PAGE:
By Gerry Robinson; BBC Books £16.99; MT price £14.99
Gerry Robinson's first marriage was a mistake. He knew it before the wedding, but lacked the courage to cancel the arrangements. The resulting divorce was messy, with Gerry and his wife communicating through lawyers.
He returns to the story twice in I'll Show Them Who's Boss. It may not be immediately obvious how you can draw management lessons from a failed marriage, but Robinson is of the popular consultant-as-therapist school. He reminds me of the history don I knew as a student who had a reputation for great wisdom, acquired when he paused for a long time mid-lecture looking troubled and then said: 'You can't really understand the Russian revolution unless you've been in love.'
This book, a spinoff from Robinson's TV shows, concentrates on family businesses, and he often sounds like a kindly family therapist. 'I was concerned,' he tells us, 'about Iona's relationship with her husband Peter ... They needed to open up better channels of communication, stop sniping at each other, and operate much more as a team.' One imagines him sitting back in his chair and asking them to recall their dreams.
Iona and Peter run Muncaster Castle, the stately home belonging to Iona's parents. Iona, says Robinson, has wonderful non-verbal communication. 'She could torpedo an idea by a twitch of the eyebrow.' This 'is dangerous because it doesn't allow for a reply'. I felt I could do with a session in Robinson's consulting rooms, for I live with a woman who does that, mostly over such matters as where we will take our holidays.
Robinson gained a detailed understanding of the family's dynamics, and sometimes his descriptions resemble Dr Freud's casebook: 'Phyllida (Iona's mother) stated that her husband Patrick was really in charge. Patrick admitted in private that while Iona was nominally in control, in fact Phyllida continued as though she were in charge. Meanwhile, Iona felt she was in charge and could do well at it if given space to do so. Peter felt blocked by both these strong women. Are you with me still?'
Of another family's business, he says: 'There was a great deal of anger and frustration that had not been acknowledged or dealt with.'
For Robinson, life imitates business. A leader is like a parent: 'It's rather like when you were in your bedroom as a child, with your mum or dad in the house - a sense of calm, a feeling that someone is in control and that everything is all right.' The good business leader is a bit like God, too: 'We need a little sense of mystery that someone "up there" is dealing with the difficult, unpredictable things in life, making everything safe.'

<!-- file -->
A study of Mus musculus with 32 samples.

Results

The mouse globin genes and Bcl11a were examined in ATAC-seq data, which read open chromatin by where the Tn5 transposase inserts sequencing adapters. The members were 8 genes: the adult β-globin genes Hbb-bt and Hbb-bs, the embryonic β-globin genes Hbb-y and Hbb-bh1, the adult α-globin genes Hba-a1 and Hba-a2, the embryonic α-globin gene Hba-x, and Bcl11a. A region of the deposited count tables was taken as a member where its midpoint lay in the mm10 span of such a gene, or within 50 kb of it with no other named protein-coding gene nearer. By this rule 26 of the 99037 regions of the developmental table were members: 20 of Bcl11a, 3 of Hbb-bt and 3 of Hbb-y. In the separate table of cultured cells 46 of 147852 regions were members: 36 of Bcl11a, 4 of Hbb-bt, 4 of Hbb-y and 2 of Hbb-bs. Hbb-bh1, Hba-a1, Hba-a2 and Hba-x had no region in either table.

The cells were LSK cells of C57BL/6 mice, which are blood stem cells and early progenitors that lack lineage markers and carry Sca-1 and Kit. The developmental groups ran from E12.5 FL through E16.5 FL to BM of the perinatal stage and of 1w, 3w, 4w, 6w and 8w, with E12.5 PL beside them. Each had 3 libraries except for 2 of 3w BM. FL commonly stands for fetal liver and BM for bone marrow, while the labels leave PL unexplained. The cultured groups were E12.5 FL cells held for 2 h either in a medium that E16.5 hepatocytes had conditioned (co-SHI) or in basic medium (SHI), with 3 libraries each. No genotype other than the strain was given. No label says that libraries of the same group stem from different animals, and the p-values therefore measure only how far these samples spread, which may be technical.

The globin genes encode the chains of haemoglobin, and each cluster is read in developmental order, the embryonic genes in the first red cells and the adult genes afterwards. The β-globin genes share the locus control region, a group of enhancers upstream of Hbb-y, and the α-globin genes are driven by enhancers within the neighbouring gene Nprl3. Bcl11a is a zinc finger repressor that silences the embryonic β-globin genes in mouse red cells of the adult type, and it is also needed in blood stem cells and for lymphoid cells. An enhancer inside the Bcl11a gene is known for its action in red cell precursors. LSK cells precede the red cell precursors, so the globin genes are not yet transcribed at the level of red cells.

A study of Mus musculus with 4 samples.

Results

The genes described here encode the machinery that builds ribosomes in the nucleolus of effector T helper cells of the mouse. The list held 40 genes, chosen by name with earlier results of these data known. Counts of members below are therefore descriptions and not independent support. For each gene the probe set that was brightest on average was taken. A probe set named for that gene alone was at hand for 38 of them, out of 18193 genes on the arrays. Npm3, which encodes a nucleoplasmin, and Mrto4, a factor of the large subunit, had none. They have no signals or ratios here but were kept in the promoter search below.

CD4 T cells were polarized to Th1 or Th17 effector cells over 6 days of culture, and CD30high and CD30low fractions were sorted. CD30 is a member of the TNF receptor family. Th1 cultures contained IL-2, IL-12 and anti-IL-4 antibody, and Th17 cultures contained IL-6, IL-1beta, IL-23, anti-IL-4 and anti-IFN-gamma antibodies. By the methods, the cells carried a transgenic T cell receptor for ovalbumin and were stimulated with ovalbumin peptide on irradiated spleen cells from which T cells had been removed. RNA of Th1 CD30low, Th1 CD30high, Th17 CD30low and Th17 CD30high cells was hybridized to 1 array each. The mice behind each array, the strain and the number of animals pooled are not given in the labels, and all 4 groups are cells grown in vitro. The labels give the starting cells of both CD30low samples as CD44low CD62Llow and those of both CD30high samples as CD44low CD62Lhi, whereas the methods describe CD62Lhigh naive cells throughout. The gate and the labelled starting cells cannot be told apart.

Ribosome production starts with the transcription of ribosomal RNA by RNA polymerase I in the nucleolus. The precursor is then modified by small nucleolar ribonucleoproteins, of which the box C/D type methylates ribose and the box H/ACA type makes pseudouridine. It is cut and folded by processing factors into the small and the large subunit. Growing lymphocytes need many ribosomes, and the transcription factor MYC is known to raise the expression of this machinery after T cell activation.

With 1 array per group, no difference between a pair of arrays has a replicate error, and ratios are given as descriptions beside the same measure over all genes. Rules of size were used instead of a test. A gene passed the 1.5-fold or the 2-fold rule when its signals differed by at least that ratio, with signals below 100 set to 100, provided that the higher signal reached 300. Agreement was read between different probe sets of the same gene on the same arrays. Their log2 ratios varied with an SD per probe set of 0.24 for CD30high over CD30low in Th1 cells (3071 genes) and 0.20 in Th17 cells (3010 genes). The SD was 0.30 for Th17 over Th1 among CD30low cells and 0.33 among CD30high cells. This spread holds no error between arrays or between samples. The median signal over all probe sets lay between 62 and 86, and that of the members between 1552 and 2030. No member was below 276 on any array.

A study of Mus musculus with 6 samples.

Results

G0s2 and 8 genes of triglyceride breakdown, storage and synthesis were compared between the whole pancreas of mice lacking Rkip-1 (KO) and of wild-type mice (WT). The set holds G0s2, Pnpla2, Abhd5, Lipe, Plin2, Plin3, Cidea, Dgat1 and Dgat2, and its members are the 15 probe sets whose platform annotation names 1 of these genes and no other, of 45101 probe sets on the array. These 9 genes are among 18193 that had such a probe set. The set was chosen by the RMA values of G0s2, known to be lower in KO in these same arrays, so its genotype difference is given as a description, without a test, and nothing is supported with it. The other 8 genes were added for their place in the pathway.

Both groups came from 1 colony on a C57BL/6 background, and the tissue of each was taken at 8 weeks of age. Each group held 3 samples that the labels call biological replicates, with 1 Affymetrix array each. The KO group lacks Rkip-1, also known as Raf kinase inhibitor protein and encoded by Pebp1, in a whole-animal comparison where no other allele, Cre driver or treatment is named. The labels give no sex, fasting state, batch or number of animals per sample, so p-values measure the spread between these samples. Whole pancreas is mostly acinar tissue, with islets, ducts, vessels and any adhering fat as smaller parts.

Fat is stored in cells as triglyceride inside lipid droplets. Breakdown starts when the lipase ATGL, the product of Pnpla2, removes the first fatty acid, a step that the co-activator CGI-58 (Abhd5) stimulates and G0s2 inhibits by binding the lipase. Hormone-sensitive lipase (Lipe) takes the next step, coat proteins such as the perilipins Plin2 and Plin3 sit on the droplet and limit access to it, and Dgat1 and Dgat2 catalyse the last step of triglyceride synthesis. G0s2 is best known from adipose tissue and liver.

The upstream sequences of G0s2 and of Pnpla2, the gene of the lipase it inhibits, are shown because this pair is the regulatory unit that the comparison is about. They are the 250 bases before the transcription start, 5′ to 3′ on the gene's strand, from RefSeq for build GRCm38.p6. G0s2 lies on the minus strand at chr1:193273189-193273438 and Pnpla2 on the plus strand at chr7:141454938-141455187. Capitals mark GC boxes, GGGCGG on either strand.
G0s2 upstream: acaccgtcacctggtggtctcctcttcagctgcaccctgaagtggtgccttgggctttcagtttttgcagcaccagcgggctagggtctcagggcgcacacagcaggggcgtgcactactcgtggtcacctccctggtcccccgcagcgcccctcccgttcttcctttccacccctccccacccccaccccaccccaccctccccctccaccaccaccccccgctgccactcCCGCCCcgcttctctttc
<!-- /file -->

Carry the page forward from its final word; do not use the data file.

But what happens when things go wrong? Does the father-figure gather his children round him and tell them everything will be all right? Not a bit of it. He turns to the chapter called 'Doing the Dirt', which forgoes any kindly family therapy. It offers a five-point checklist for getting rid of people without harming your business.
Do it quickly, cleanly, efficiently, clinically, urges Robinson. Don't consult lawyers. Get rid of more people than you need, because if later you are able to start recruiting, it will look as though you've turned the corner. And don't offer voluntary redundancy. You need to choose the ones you don't want, not the ones who are happy to go.
None of this is particularly new, but it's startling after the cosy, feelgood stuff that went before. The face of the kindly family therapist falls away like a mask. Robinson's strategic review at Granada meant making 1,000 people redundant. He led the fabled, and ruthless, Granada takeover of Trusthouse Forte. Later, as chairman of the Arts Council, he was persuaded not to renege on a deal already in place that any redundancies should be done on a voluntary basis. The result was that the process took much too long for his taste.
I'll Show Them Who's Boss is really two books in one binding. One is a likable, readable little book about families with inherited wealth - fun to read, though for most of us it has little practical relevance.
The other is a brief management textbook. It has no great new ideas, but it puts the old ones clearly and simply, and they have extra status because they come from a successful and ruthless practitioner who does not mind contributing to his own mythology.
Francis Beckett is an author and journalist. His new book, The Blairs and their Court, will be published in October by Aurum.